Pompeo meets top Chinese envoy in Hawaii for talks

Washington: US Secretary of State Mike Pompeo has met top Chinese diplomat Yang Jiechi to exchange views on the bilateral relations and on the coronavirus pandemic, the State Department said, amidst major differences between the two nations on a range of issues.

The meeting between the two diplomats took place in Hawaii on a day when President Donald Trump signed into law a legislation that condemns the gross human rights violations of Uyghur minority groups in China’s restive Muslim-majority Xinjiang region, paving the way for imposing sanctions against senior Chinese officials.

Pompeo stressed the need for full transparency and information sharing to combat the ongoing COVID-19 pandemic and prevent future outbreaks, the State Department said in a statement.


State Department Spokesperson Morgan Ortagus said that Secretary of State Pompeo met Yang, a Communist Party of China (CPC) Politburo member, in Honolulu, Hawaii to exchange views on the US-China relations.

Pompeo stressed key US interests and the need for the fully-reciprocal dealings between the two nations across commercial, security and diplomatic interactions.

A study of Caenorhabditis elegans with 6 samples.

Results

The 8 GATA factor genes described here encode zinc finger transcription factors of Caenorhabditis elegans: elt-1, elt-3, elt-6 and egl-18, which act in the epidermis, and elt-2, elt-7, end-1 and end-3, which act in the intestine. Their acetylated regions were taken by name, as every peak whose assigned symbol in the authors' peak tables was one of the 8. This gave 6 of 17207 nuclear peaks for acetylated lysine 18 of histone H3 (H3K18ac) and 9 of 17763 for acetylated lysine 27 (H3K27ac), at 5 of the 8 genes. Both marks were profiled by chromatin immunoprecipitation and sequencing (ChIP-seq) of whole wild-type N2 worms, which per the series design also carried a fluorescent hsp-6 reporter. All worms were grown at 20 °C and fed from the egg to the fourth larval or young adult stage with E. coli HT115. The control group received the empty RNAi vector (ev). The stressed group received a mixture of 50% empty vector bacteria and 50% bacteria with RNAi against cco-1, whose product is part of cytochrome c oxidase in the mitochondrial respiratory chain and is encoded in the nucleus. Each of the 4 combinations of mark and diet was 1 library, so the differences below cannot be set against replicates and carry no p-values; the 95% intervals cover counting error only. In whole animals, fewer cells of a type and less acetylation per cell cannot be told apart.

The two countries are also at odds over China’s decision to impose a controversial security law in Hong Kong, a former British territory, which was handed over to Beijing in 1997.

He also stressed the need for the full transparency and information sharing to combat the ongoing COVID-19 pandemic and prevent future outbreaks.

In Beijing, the Chinese foreign ministry slammed the US for the law on Uyghurs, saying it “maliciously attacks” China’s policy in the Xinjiang region.

China will “resolutely hit back and the US will bear the burden of all subsequent consequences”, it said in a statement after Trump signed the Act into law.

The bill, which includes sanctions on the senior Chinese officials directly involved in the crackdown on the Uyghur Muslims in Xinjiang, was passed with overwhelming support from Republicans and Democrats in Congress.

According to Johns Hopkins Coronavirus Resource Center, the contagion has infected over 83,51,000 people and killed more than 4,48,000 across the world. The US is the worst affected country with over 2.1 million cases and more than 1,17,000 deaths.

The COVID-19, which originated in China’s Wuhan city in December last year, has also battered the world economy with the International Monetary Fund saying that the global economy is bound to suffer a “severe recession”.

Scientists are racing against time to find a vaccine or medicine for its treatment.